Tuberculosis: MSF responds to updated WHO guidelines for tuberculosis in children

Atul Loke

The deadly tuberculosis diagnostic gap in children remains a major challenge

Geneva – Doctors Without Borders/Médecins Sans Frontières (MSF) welcomes the updated World Health Organization (WHO) guidelines for the management of tuberculosis (TB) in children and adolescents, which provide recommendations to diagnose TB in children, and to rapidly initiate treatment at more decentralised levels of care. With over 60% of children with TB remaining undiagnosed, MSF urges all countries, especially high-TB-burden countries, to adopt these recommendations in order to prevent unnecessary deaths among children.

Testing TB in children is challenging because it’s difficult for children to produce sputum, the standard specimen to test TB, and because of the low levels of bacteria in children’s specimens. WHO now recommends the testing of stool, in addition to other samples, with the GeneXpert Ultra test which is exclusively produced by US corporation Cepheid. However, many countries face challenges in accessing this test as it is too expensive, and the machine needed to run the test is not adapted for use in remote settings where most children with TB live. Cepheid charges US$9.98 per test in low- and middle-income countries, which is more than double the price it costs the company to produce the test, based on MSF’s analysis.

Dr Lazro Fidelle, TB operational Research Manager, MSF, Malakal, South Sudan:

“Amid years of war and a fragile health system, MSF and other health care providers in South Sudan face extreme challenges to diagnose and treat TB in children. We are encouraged by the improved WHO guidelines that could facilitate the timely diagnosis and treatment of TB in children in many resource-limited and conflict-ridden countries, and so could substantially reduce the number of deaths among children due to this deadly but treatable disease.

In our setup, despite an experienced team and access to all available tests, in most cases we are not able to confirm TB diagnosis in children. Therefore, we have to balance the need for timely and life-saving TB treatment with the need to avoid unnecessary TB treatments amongst those who might have other possible diagnoses. When using tests, our biggest challenge lies in sample collection. Generally, sputum samples are of poor quality and alternatives such as gastric lavage are not well accepted. Therefore, we are still in desperate need of a TB test for children that can be used in even the most remote settings and that can test samples that are easy to collect, such as with mouth swabs or finger-prick blood.”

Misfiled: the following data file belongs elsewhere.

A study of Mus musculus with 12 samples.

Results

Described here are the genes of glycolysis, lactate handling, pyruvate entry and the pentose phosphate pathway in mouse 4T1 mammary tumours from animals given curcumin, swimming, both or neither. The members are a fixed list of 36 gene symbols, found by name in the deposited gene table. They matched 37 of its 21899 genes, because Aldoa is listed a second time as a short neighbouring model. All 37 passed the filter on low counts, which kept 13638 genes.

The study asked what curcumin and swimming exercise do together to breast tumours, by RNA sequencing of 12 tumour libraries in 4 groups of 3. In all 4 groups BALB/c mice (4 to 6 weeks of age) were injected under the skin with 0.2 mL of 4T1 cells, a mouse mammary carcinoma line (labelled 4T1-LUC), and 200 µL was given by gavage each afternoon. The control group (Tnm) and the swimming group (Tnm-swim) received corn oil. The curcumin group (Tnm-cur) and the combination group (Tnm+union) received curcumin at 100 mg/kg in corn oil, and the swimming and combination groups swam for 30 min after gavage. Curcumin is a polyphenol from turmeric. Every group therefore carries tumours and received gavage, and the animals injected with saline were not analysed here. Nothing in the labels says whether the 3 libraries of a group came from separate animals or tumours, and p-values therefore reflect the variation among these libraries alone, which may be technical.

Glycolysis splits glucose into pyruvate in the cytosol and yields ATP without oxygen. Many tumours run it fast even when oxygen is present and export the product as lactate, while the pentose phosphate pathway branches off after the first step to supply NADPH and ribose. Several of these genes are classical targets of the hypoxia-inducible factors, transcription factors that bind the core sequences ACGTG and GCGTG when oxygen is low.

Stijn Deborggraeve, Diagnostics Advisor, MSF Access Campaign:

“TB programmes in many countries struggle to access the WHO-recommended GeneXpert Ultra test from Cepheid because it’s too expensive and requires fragile equipment that is hard to operate in the remote settings where we need to diagnose children. As treatment providers struggling to save the lives of children with TB, we call on Cepheid to urgently reduce the price of the GeneXpert tests and urge other companies to develop tests that are suited for use in remote settings.

It’s painful to see how despite decades-long calls for more efforts to improve tools for TB, children continue to die of the disease without ever being put on treatment due to delayed diagnosis and a lack of access to effective tests.”